Have you ever needed to change the database mirroring partner names?

One of our clients had to transfer all their servers from one domain to a new one, including SQL server machines. So, they simply disconnected all servers from the old domain and connected them to the new one. Breath fluently, this was test environment.

It was a preview for a similar change planned to take place few weeks later in production environment. So, in order to be prepared for prod, I decided treating this case as if it was prod and doing all I can to re-establish mirroring connection without setting up mirroring from scratch.

The existing configuration of the database mirroring partners used FQDN names of this format: 'TCP://' as Microsoft suggests here and here.

(To check your mirroring configurations you can query table sys.database_mirroring)

So, now, following domain name change, the servers obviously cannot connect with each other and the databases involved in mirroring, are in status disconnected.

What needs to be done is changing the definition of mirroring partner FQDN names to consist of the new domain name instead of the old one. But it turned out it is not so straight forward.

Trying the following command:


Resulted in this error message:

Neither the partner nor the witness server instance for database "DBName" is available. Reissue the command when at least one of the instances becomes available.

Trying to change the configuration using IPs instead of server names like this:


Didn't work as well. Same error.

I've verified connectivity between the servers using FQDN and port using 'telnet' utility in command line – works fine.

Tried to pause mirroring first, and only then execute the above ALTER commands – no change. Keep getting the same error.

Eventually, what I did was:

  1. Executing command ALTER DATABASE [DBName] SET PARTNER OFF first on secondary server, then on principal server. what resulted in breaking the mirroring session and leaving the database on the secondary server in restoring state.

  2. Then, I had to locate the LOG backup that contains the required LSN for the mirrored database, which is the LSN at which the mirroring session was last connected, somewhere yesterday evening when the server was disconnected from the old domain. since we have a mirroring monitor process, that collects data based on sp_dbmmonitorresults system stored procedure into a static table, I could locate the time at which the status has changed.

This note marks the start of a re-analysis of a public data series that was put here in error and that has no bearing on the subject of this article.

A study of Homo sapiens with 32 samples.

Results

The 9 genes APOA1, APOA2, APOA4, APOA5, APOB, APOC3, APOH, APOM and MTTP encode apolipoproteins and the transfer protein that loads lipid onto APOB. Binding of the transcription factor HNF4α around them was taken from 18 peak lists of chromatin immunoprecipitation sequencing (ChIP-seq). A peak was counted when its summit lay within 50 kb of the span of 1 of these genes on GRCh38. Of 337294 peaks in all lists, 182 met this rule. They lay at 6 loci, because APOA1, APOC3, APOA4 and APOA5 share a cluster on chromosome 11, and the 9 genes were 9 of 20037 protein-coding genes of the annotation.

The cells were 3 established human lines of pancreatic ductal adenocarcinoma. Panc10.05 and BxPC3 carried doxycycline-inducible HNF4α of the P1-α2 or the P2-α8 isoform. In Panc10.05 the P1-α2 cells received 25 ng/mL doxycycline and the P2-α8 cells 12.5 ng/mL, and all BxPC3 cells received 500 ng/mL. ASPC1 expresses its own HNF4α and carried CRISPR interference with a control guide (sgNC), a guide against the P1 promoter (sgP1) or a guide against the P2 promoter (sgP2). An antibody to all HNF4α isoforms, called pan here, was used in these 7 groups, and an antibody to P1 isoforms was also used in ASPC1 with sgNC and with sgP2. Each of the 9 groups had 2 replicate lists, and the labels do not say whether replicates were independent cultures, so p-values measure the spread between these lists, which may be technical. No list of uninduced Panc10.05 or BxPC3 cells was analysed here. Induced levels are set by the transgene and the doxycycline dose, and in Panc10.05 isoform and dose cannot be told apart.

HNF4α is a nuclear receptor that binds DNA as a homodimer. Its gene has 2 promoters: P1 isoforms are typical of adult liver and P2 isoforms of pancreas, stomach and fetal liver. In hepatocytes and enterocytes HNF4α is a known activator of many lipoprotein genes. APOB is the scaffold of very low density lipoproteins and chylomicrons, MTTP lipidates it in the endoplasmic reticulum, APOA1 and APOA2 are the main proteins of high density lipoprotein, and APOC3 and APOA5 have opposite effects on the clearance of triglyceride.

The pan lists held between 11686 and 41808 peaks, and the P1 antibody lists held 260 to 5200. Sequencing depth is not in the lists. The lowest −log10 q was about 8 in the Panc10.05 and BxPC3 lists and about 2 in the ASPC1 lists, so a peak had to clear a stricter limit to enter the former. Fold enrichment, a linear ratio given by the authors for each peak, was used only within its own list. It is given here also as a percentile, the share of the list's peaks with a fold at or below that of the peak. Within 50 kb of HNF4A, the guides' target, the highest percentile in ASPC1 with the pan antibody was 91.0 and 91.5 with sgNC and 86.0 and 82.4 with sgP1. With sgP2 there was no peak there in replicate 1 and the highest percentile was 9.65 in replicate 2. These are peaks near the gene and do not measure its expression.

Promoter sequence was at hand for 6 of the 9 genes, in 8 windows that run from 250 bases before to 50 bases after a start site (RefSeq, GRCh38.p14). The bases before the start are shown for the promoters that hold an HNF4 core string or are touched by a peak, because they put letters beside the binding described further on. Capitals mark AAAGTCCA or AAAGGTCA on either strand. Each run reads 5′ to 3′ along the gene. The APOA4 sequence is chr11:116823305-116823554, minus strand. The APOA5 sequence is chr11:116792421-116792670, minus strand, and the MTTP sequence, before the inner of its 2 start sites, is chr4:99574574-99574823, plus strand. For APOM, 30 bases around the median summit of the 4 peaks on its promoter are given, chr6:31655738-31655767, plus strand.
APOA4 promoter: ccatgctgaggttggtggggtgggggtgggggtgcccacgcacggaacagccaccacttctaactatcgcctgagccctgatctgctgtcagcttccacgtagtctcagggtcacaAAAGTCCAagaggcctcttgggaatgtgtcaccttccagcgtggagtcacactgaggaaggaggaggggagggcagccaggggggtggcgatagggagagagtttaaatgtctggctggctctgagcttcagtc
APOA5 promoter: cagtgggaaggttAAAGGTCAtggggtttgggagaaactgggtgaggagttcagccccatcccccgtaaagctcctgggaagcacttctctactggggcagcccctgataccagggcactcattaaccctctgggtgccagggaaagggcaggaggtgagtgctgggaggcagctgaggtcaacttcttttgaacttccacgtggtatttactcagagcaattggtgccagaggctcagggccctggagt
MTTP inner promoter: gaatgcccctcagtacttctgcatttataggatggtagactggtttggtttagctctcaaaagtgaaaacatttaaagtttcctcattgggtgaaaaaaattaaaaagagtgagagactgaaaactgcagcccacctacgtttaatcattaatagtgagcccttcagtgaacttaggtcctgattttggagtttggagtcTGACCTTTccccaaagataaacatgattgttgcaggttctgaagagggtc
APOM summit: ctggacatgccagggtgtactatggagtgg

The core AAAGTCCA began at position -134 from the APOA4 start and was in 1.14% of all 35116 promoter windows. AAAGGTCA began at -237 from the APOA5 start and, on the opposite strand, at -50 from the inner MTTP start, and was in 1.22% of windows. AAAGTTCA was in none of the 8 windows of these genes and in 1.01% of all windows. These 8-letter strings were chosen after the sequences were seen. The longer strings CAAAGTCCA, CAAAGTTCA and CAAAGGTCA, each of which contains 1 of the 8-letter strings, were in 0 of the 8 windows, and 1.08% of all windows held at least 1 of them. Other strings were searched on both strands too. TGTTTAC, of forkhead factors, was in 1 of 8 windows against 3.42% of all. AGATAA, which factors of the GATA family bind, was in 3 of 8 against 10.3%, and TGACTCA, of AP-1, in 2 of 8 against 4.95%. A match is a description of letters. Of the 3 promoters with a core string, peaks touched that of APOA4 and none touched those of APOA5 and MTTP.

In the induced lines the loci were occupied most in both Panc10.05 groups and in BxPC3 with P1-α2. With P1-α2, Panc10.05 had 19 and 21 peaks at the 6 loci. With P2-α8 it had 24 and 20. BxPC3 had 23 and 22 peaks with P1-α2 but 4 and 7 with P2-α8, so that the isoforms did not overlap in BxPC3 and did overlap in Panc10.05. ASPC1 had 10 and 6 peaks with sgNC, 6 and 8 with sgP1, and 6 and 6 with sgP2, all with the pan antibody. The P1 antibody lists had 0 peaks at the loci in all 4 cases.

3. now, restoring the gap is easy first, I've stopped & disabled the log backups job on principal server, then, generated a serial restore log commands from the principal server, based on backupset and backupmediafamily tables in msdb (script below)

  4. and executing the result on secondary server

USE msdb
	@DatabaseName			SYSNAME = 'MyDatabaseName',
	@MirroringDisconDateTime	DATETIME = '2020-05-07 19:30'
	CONCAT('RESTORE LOG ',QUOTENAME(@DatabaseName),' FROM  	DISK=''',bmf.physical_device_name,''' WITH STATS = 1,REPLACE, NORECOVERY;')
	backupset bs
	backupmediafamily bmf ON bs.media_set_id = bmf.media_set_id
	database_name = @DatabaseName
	bs.type = 'L'
	bs.backup_start_date >= @MirroringDisconDateTime
	bs.backup_set_id ASC

now they are finally aligned!!!

now I could finally execute the commands to set the correct partner names, first on secondary server, then on principal server:


commands completed successfully.


preparing coffee and waiting for those bastards to synchronize...

To sum up,

I've tried to avoid breaking the mirroring. I thought it would require restoring full and sequential log backups on secondary server and setting up mirroring from scratch (what would have probably taken less time than I spent on this case eventually)

But, guess what?

It turned out that although SETTING PARTNERs OFF, breaks the mirroring session, drops the mirroring information from all system objects and leaves the mirrored databases on secondary server in restoring state.

But, you can still establish the mirroring session again by restoring the log backups from the time the databases were last synchronized.

As long as you still have the required LSN records in the transaction log of the principal database, or in log backups, then you can continue the log chain and bring the databases to be synchronized again.